A filing system is really a finding system. This is your method for storing information today and finding it quickly and easily tomorrow.
Searching for a misplaced document or file is not only a waste of time and energy, it is also a waste of money. Assuming you work 48 weeks in a year and spend just five minutes of each hour of an eight-hour workday looking for lost documents or files, you will waste 160 hours per year. Using a billing rate of $95 per hour (insert yours here), the annual loss is $15,200. Usually this search involves several people and it delays getting your work done, so the cost increases proportionately. You also lose credibility and appear unprepared when you do not have information at your fingertips.
Establish a filing system that is easy and flexible. Your mantra should be 'store it where you can retrieve it...file it where you can easily access it.' Visualize how you use files and set up a system that is both flexible and matches your situation. This system should include a policy on where the files will be stored (a central area or in the office of the person working on the file?) with an explicit rule that the floor is not a filing cabinet. Also, how do you want the files set up in the first place? How will the documents be put in the file? What kind of file folder will be used? How do you want them labeled? Even if all the filing is done perfectly, if the label is not visible, you will not be able to find the file.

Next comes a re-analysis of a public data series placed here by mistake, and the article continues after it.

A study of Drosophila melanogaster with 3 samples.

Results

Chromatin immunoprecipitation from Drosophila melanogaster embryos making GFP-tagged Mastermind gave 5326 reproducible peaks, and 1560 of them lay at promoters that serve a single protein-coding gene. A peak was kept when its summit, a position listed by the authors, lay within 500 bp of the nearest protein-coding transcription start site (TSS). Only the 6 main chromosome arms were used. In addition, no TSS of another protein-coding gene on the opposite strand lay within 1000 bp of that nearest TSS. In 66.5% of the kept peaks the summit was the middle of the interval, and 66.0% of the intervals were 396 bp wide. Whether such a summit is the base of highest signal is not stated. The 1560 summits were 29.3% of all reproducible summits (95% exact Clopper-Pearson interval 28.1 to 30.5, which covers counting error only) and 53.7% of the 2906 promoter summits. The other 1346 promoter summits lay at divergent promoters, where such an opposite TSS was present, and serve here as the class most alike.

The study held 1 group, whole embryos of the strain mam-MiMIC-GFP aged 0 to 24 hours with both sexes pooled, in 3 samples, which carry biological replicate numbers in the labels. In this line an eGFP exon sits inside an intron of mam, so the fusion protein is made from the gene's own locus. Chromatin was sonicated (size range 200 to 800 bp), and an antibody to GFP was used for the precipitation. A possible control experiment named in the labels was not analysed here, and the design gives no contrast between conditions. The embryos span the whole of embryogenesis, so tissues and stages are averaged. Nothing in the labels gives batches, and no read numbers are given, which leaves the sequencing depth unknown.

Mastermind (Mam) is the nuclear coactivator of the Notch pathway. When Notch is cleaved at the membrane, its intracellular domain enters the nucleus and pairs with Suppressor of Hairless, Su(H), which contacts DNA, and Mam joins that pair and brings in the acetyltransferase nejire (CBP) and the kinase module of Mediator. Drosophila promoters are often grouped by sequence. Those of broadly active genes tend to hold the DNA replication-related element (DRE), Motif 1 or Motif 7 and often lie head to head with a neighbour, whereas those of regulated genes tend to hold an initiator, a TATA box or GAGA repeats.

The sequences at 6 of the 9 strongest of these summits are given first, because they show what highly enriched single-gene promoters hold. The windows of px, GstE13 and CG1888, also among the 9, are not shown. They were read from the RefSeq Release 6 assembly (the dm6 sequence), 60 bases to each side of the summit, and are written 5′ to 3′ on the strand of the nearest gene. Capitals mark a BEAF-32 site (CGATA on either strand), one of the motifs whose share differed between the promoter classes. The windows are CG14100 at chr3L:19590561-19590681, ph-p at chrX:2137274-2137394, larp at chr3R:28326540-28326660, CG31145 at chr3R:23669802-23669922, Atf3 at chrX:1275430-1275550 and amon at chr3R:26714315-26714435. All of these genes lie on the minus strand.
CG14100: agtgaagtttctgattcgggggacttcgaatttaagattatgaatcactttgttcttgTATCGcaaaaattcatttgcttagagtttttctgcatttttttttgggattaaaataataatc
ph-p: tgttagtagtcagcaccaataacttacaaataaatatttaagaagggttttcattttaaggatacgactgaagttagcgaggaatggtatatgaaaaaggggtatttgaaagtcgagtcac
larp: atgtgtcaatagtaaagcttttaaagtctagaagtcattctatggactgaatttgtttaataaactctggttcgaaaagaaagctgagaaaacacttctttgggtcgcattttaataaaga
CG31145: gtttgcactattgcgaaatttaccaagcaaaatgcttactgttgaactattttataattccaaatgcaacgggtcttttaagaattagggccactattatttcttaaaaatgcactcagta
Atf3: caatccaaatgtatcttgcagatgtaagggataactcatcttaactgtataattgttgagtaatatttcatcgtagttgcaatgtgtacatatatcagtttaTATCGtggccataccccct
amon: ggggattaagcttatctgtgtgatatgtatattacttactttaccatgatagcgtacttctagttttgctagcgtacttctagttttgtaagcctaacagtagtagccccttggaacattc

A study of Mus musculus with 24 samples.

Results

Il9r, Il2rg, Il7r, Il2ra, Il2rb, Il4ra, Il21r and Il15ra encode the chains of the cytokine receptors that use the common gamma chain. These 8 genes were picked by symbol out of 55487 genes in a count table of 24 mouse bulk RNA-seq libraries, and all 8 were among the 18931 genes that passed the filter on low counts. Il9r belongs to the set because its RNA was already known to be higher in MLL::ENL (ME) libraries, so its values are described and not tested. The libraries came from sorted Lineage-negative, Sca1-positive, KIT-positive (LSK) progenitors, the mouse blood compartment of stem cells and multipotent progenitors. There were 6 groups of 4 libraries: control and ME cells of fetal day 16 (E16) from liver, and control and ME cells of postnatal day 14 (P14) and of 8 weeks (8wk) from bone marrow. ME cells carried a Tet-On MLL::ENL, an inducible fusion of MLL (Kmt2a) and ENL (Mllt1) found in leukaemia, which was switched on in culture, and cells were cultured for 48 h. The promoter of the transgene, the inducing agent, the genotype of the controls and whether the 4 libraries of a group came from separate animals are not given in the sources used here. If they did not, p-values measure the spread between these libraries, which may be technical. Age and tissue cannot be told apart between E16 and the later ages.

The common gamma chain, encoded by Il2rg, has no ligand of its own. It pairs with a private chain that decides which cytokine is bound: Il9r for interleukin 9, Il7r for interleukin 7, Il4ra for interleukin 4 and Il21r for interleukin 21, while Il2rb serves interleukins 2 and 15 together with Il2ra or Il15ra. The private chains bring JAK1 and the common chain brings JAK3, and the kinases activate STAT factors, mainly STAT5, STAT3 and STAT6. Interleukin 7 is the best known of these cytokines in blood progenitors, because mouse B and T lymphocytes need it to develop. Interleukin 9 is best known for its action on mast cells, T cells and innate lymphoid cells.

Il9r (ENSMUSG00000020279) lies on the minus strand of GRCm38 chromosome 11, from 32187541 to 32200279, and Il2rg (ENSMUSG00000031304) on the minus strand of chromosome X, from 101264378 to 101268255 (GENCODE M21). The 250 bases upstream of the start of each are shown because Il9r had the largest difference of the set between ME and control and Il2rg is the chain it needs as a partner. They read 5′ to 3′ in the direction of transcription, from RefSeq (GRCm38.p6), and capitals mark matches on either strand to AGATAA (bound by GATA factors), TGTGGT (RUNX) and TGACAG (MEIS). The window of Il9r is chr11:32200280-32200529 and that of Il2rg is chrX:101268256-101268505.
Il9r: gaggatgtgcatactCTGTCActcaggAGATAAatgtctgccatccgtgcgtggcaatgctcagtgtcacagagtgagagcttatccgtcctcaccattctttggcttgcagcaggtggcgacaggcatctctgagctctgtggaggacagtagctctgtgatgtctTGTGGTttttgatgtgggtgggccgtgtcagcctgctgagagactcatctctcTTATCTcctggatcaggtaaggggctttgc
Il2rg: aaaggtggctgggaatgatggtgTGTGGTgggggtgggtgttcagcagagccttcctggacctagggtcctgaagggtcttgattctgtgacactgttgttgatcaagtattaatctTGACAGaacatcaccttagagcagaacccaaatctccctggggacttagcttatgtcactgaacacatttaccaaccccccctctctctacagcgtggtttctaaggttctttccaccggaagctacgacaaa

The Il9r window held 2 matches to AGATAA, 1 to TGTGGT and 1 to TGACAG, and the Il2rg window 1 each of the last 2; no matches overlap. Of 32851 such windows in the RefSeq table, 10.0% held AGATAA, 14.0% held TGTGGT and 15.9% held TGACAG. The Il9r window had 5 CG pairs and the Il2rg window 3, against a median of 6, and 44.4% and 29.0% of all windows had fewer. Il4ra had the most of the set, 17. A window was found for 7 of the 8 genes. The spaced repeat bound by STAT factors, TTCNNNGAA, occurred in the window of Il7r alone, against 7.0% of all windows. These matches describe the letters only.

Remember that bloated files are a waste of money and space. Statistics reflect that you will only refer to about 20% of what you file. The remaining 80% just takes up space. Generally waaaaaay too much paper is being filed in the first place. Aim to keep your files lean and mean. Do not save anything you will not need. Condense and purge whatever you can before filing. You do not need five copies of the same document. Before you put papers away, ask these questions:
- Is this relevant?
- Will I need this again?
- Can I get this again if I need it?
- What are the consequences of getting rid of this
- What is the worst case scenario if I don't have this?
Depending on the answers to your questions, you may be able to get rid of the paper altogether.
Are you done? Move it out! Do the math: if you keep adding files to the filing cabinet and never move any out, the cabinet will soon be overflowing. When you are done with a matter, move the file to closed storage immediately. This is the only way to make room for new files. If more comes in than goes out, you have a problem. Your file drawers should have a minimum of two inches of free space or it will be too difficult to put anything away. Where will the files go? on your desk, on the floor...and the piles mount.
© 2008 Vicki Voisin, Inc.
Do you want to use this article in your newsletter, e-zine or website? You can, so long as you include this entire blurb with it: Vicki Voisin, also known as The Paralegal Mentor, publishes the bi-weekly ezine ‘Strategies for Paralegals Seeking Excellence’ where she offers tips for paralegals and others who want to create lasting success in their personal and professional lives. Get tips and information at no cost at www.paralegalmentor.com.